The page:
Supercell went to a great deal of trouble in announcing its latest mobile game, Brawl Stars. It constructed the kind of extended live event-style video that you'd usually expect to see from a major console developer like Nintendo or Sony.
Part of the reason for this extravagance is Supercell's previous success, of course. Clash of Clans and Clash Royale in particular have done crazy business for the Finnish developer. It's got money and good will to burn.
But having spent some time with a beta version of Brawl Stars, I think there's another reason for the song and dance intro. Quite simply, it's shaping up to be a really really exciting mobile game.
Lock and load
Brawl Stars is essentially a 3v3 multiplayer action game, but it's an enticingly fresh hybrid of sorts. Think of it as a team-based shooter like Overwatch, only with the zoomed out perspective, movement, and cover mechanics of a MOBA.
By default you tap where you want your super-deformed character to go, then touch and drag to aim and fire your weapon. You can also switch to a virtual joypad for more fine-tuned positional control, but I preferred being able to focus on the aiming.
With each brawler's singular projectile attack taking time to reach its target and generally being limited in range - as well as your set three round clip - making your shots hit home becomes a surprisingly fine art. Fire and forget tactics won't cut it.
Inflicting damage on your opponent has the added bonus of building up your Super bar which, when full, lets you unleash a signature power move.
Each round has two teams of three scrambling to collect spawning gems. Collect ten of these gems and the countdown to victory begins, prompting a mad push from the opposing team - and a timely retreat from your own team, if it knows what's good for it.
You see, while you don't hang around long before spawning, dying in Brawl Stars has the nasty side-effect of making you drop all your gems.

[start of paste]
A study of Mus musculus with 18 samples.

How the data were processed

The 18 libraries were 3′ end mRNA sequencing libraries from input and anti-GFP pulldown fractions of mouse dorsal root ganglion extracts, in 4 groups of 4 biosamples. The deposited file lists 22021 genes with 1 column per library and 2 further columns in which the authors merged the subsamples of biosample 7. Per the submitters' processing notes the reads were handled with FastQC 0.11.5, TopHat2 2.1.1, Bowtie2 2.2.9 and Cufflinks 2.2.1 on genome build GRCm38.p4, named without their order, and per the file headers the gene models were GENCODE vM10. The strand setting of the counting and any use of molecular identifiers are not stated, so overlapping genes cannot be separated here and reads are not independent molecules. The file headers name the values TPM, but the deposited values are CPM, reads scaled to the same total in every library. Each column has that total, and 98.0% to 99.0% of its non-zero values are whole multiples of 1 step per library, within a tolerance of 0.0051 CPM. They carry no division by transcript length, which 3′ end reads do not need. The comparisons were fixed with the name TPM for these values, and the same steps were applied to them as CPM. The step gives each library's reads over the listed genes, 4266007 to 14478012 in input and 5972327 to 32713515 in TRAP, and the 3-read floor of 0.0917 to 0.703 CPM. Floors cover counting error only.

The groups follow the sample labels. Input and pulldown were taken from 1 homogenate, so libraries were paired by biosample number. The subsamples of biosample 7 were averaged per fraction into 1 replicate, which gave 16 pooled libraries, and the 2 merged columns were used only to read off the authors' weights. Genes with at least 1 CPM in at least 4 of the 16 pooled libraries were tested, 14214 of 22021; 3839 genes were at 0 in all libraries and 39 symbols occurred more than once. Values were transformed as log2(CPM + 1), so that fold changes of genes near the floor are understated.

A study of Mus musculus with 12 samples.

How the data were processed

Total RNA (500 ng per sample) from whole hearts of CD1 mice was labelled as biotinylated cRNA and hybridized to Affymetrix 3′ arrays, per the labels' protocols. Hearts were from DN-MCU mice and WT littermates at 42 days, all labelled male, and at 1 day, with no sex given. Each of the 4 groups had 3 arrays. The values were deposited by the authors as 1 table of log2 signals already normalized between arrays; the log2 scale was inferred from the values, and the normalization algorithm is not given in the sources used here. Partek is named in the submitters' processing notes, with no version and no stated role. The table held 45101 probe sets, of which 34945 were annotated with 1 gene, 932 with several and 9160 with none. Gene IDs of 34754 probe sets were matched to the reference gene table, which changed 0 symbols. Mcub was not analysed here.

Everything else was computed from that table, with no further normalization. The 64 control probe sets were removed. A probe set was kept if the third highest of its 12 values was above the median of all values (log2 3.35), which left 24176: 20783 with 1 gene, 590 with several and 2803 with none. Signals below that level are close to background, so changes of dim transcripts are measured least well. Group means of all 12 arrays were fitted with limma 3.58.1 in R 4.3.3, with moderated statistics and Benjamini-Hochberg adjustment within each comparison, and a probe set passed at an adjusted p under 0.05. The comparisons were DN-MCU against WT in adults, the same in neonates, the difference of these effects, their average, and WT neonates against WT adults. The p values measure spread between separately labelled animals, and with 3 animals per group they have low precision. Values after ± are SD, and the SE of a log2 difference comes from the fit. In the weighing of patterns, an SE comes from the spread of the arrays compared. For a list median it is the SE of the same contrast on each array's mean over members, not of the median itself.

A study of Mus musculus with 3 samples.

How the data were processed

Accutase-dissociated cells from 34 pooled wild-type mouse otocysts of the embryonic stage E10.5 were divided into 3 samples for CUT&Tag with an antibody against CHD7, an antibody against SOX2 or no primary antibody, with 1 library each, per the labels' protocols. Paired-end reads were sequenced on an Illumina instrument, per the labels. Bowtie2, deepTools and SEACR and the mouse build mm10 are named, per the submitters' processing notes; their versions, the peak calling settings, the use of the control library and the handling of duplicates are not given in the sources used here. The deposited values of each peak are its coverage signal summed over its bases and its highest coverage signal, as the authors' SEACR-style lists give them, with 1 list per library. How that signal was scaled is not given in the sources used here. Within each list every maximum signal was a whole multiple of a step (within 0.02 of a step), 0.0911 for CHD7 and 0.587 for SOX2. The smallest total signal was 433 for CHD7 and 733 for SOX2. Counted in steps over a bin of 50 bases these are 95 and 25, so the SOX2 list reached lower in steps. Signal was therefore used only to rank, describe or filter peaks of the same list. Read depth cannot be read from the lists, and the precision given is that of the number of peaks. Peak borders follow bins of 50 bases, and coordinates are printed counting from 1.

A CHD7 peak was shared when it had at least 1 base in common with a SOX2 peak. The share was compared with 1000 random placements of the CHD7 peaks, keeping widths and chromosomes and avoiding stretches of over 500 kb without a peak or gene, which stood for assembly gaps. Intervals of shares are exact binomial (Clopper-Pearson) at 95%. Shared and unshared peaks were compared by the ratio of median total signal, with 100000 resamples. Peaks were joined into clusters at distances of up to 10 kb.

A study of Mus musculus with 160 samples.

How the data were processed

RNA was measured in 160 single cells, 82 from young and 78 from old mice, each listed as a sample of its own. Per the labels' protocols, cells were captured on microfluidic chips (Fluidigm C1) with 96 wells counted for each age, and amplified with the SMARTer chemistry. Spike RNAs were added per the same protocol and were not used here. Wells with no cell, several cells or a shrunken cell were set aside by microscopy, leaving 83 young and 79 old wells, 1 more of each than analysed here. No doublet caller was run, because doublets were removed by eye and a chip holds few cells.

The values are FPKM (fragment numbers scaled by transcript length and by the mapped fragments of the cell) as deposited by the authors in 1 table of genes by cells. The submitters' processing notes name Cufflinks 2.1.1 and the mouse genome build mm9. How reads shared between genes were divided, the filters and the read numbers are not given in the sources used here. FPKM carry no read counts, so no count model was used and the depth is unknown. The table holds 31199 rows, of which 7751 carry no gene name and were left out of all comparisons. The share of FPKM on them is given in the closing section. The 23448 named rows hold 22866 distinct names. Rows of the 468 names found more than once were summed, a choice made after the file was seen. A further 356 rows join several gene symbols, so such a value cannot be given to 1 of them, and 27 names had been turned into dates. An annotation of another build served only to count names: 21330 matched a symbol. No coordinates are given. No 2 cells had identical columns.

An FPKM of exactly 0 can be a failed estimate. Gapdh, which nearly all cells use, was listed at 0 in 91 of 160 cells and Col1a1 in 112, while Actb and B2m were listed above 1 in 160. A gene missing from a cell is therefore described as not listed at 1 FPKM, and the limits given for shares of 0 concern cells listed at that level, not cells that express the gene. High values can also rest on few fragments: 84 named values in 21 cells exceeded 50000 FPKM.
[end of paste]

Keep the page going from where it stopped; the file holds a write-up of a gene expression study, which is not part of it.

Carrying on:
As such, the initiative in matches tends to swing back and forth, as a gem-hoarding brawler is brought down and effectively hands their stash over to their vanquisher.
Adding to this ebb and flow is the fact that characters heal up when they're not under attack, so moments of aggression are often followed by a strategic retreat.
Full of character
At the heart of Brawl Stars is its characters. You start with a single shotgun-toting badass, but you can unlock more using the game's main currency.
Earning 100 coins will enable you to purchase a random loot box, which either contains a stat-pumping elixir or a new brawler. I had only unlocked two additional heroes at the time of writing, but both were pleasingly unique.
The first one had a relatively weak electrical attack, but their special was a handy automated gun turret. The other hero - my favourite to date - was a feral shaman who could summon a hulking bear minion to attack her opposition.
Of course, I found that other players had unlocked completely different characters, and I'm already itching to head back in and obtain them for myself.
Brawl or nothing
It remains to be seen whether Brawl Stars can sustain this interest over the long haul. Will its levels be suitably varied? Will the characters differ enough to encourage varying play-styles? Is there sufficient scope for emergent tactics? Will the freemium structure damage the game's competitiveness?
But based on my overwhelmingly positive early experience with the game, Supercell could very well have another crossover hit on its hands.
Brawl Stars is in soft launch on the Canadian App Store right now. You can play it by checking out our handy guide on creating a foreign iTunes account.